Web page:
Earlier this year, Universal Matter acquired Applied Graphene Materials' assets for $1.3 million and then AGM changed its company name to Universal Matter GBR. Now, Universal Matter received support from The National Energy Technology Laboratory (NETL) Carbon Ore Processing Program through a cooperative agreement.
The company has demonstrated a novel graphene production technology called Flash Joule Heating (FJH), which can transform carbonaceous material feedstocks, including coal and coal-wastes, to high quality graphene.
Joe Stoffa, NETL’s technology manager for the Carbon Ore Processing Program, said that producing high-quality graphene on a large scale at a low cost could enable several disruptive technologies. “Universal Matter’s FJH process can convert diverse carbon sources into graphene with tunable characteristics for an almost unlimited number of applications,” Stoffa added. “Universal Matter’s scale-up of FJH graphene production is key because it means the nation’s carbon ore resources can have a significant additional application beyond their traditional use in power generation and metallurgy.”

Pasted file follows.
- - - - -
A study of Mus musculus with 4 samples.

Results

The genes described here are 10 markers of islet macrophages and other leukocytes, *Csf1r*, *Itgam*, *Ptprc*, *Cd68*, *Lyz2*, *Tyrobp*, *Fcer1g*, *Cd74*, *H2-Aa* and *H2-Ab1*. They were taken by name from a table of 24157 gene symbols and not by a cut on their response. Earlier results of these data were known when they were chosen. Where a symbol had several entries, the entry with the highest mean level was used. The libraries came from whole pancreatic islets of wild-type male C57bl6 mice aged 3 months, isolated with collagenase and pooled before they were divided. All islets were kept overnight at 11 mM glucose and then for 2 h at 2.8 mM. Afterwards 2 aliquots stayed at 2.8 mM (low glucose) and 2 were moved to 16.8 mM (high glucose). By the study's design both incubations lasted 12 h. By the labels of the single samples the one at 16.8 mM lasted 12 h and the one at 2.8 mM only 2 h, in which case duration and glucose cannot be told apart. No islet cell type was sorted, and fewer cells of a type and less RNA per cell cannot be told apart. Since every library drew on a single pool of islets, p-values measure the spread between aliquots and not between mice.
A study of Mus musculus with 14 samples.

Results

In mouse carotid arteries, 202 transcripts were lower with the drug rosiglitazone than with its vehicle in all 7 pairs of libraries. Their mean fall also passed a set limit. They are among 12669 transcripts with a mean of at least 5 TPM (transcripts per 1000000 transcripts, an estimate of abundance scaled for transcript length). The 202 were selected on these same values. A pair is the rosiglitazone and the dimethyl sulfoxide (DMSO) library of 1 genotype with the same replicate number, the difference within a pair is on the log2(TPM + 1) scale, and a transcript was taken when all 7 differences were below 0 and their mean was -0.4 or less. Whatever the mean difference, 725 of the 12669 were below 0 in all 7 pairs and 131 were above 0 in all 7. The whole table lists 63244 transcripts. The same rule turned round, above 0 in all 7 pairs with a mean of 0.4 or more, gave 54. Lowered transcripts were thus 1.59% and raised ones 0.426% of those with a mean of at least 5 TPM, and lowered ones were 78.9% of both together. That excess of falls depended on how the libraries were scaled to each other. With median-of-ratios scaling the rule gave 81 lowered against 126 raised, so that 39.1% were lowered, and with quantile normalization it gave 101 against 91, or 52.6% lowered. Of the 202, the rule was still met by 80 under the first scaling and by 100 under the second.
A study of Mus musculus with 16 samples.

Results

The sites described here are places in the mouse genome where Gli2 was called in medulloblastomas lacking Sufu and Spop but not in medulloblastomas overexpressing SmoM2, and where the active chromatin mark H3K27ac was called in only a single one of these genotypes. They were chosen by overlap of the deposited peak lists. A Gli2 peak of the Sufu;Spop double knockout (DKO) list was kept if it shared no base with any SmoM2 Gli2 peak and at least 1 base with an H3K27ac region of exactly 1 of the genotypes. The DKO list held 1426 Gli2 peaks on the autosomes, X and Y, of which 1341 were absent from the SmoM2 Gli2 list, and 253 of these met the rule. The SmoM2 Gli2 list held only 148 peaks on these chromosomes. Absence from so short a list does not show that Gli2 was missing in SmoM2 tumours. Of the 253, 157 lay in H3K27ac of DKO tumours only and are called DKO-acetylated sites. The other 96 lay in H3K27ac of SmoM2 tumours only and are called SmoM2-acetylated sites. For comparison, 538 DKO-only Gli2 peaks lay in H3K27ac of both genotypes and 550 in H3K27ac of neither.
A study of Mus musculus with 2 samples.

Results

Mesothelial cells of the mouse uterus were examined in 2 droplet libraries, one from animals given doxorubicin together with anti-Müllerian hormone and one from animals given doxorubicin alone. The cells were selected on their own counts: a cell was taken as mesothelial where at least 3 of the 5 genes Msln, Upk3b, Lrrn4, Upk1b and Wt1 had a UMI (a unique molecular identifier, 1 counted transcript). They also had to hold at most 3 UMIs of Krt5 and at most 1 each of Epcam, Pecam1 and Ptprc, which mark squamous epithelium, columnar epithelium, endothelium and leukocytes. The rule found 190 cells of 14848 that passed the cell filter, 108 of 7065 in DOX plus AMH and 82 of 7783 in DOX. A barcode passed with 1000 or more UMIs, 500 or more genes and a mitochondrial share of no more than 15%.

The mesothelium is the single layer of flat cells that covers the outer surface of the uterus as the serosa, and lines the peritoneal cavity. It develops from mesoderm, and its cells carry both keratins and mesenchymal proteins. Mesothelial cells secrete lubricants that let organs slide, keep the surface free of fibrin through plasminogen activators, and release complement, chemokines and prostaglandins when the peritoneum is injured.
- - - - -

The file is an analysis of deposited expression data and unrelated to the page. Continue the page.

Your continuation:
Universal Matter was formed in 2019 to commercialize technology developed by Rice University. In the same year, NETL began working with Rice University researchers on the development of FJH of coal and coal-derived carbons.
NETL is a U.S. Department of Energy national laboratory that drives innovation and delivers technological solutions for an environmentally sustainable and prosperous energy future. By using its world-class talent and research facilities, NETL is ensuring affordable, abundant, and reliable energy that drives a robust economy and national security, while developing technologies to manage carbon across the full life cycle, enabling environmental sustainability for all Americans.